Road Reforms Are Critical to Michigan's Infrastructure

Governor Engler’s proposed "Build Michigan II" road program sets important strategic directions for fixing Michigan’s roads. While a potential gas tax increase captures the headlines, reforms the governor is also pushing for deserve at least as much attention.

It may be tempting to decry the deteriorating condition of Michigan roads and call for nothing more than an immediate and substantial tax increase. But as an April 1995 report from the Mackinac Center for Public Policy argued, that approach would amount to poor leadership and bad economics. The right approach, the report showed, is to offset any gas tax hike with other tax cuts and enact changes to squeeze more value out of the already substantial sums Michiganians pay for roads.

The most important elements in the governor’s program are the reorganization of road responsibilities and changes in contracting procedures. Among other things, the governor wants to convert some 23,000 miles of local roads to state control and adopt a new competitive bidding system for maintenance of all state roads. The legislature should make sure that several items related to reorganization, contract management, and accountability are part of the final program.

Reorganization. Michigan’s decades old experiment with independent state and county road commissions should be revised. While these commissions were set up to "take politics out of the roads," they have in many cases simply reduced accountability for the roads. The legislature should give the governor direct control over the Department of Transportation (MDOT) by eliminating the Transportation Commission, and should at least give elected county commissions the option of folding independent road commissions into general county government.

Most importantly, if the governor is to be responsible for road conditions, it is critical that he have direct control over roads carrying the bulk of commercial and personal travel. That means allowing MDOT to plan and manage construction and repairs on the 23,000 miles of roads the governor has proposed taking over. Currently, the state manages just 8.2 percent of our road miles, while the national average for state governments is 20.6 percent. State management will allow for economies of scale in planning, design, and acquisition of construction and repair services. It will also allow for whole stretches of road to be repaired at the same time—regardless of how many cities the road runs through.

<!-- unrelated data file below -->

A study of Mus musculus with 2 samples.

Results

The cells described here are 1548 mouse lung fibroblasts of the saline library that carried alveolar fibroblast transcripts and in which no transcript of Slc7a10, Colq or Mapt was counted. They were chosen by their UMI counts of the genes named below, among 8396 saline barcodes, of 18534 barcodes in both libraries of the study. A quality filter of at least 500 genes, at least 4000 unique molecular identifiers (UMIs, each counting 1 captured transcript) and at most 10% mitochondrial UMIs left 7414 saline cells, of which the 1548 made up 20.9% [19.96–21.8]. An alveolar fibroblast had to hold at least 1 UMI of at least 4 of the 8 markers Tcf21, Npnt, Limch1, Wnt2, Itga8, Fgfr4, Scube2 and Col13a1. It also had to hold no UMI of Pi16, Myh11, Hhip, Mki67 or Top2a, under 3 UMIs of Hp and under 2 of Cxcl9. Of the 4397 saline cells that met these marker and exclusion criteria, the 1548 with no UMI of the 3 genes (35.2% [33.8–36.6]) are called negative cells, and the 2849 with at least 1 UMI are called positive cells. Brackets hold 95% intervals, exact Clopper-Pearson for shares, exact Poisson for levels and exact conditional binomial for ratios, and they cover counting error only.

Contract Management. Currently, MDOT does its own maintenance with state employees in 21 counties. MDOT contracts with the other 62 counties, and many cities, for maintenance of state roads in those jurisdictions. However, MDOT uses the same master contract with almost all counties, and simply reimburses each county at whatever wage level they pay locally. There is no negotiation of wage levels. Nor are there any written performance audits of how good a job counties have done for the state. That’s simply a reflection of the system put in place years ago, and it needs to be changed.

Under the governor’s proposal, MDOT is to obtain competitive bids from counties, cities and private contractors for state roads. This will require a complete culture change, and the development of new contracting and monitoring systems. The private sector will also have to take an interest in bidding on maintenance work, and will have to develop the capabilities to perform this work. The pressure from private and public bidding will help guarantee better roads. To assure implementation, the legislature should mandate a transition to eventual full competitive bidding and require MDOT to develop performance measures and to monitor contractor results. MDOT should also be required to meet a schedule to obtain public and private bids for maintenance in the 21 counties where it currently does its own work.

Accountability. The public needs to be assured that their tax money for roads will actually be spent on road work, with the highest priority going not to new expressways but to reconstruction and maintenance of existing infrastructure. A careful look should be taken at the amount of money being allocated for basic maintenance in the new state system. Proper accountability also means spending all the new revenues on roads-with no diversions to mass transit, Amtrak, or office construction and remodeling.

Full accountability also requires that local expenditures of Michigan Transportation Fund moneys be audited. MDOT has not had authority to audit uses of this money since a 1972 Supreme Court decision indicating there was no authority for such audits. As it turns out, the Michigan Department of Treasury has performance audit authority, and the governor should mandate that several counties around the state be audited this year and in the future.

Michigan’s roads are in need of repair, and the clock is ticking. But while some legislators seem quick to jump on the tax bandwagon, the citizens of the state ought to demand a lot more bang for whatever additional bucks they may be asked to fork over.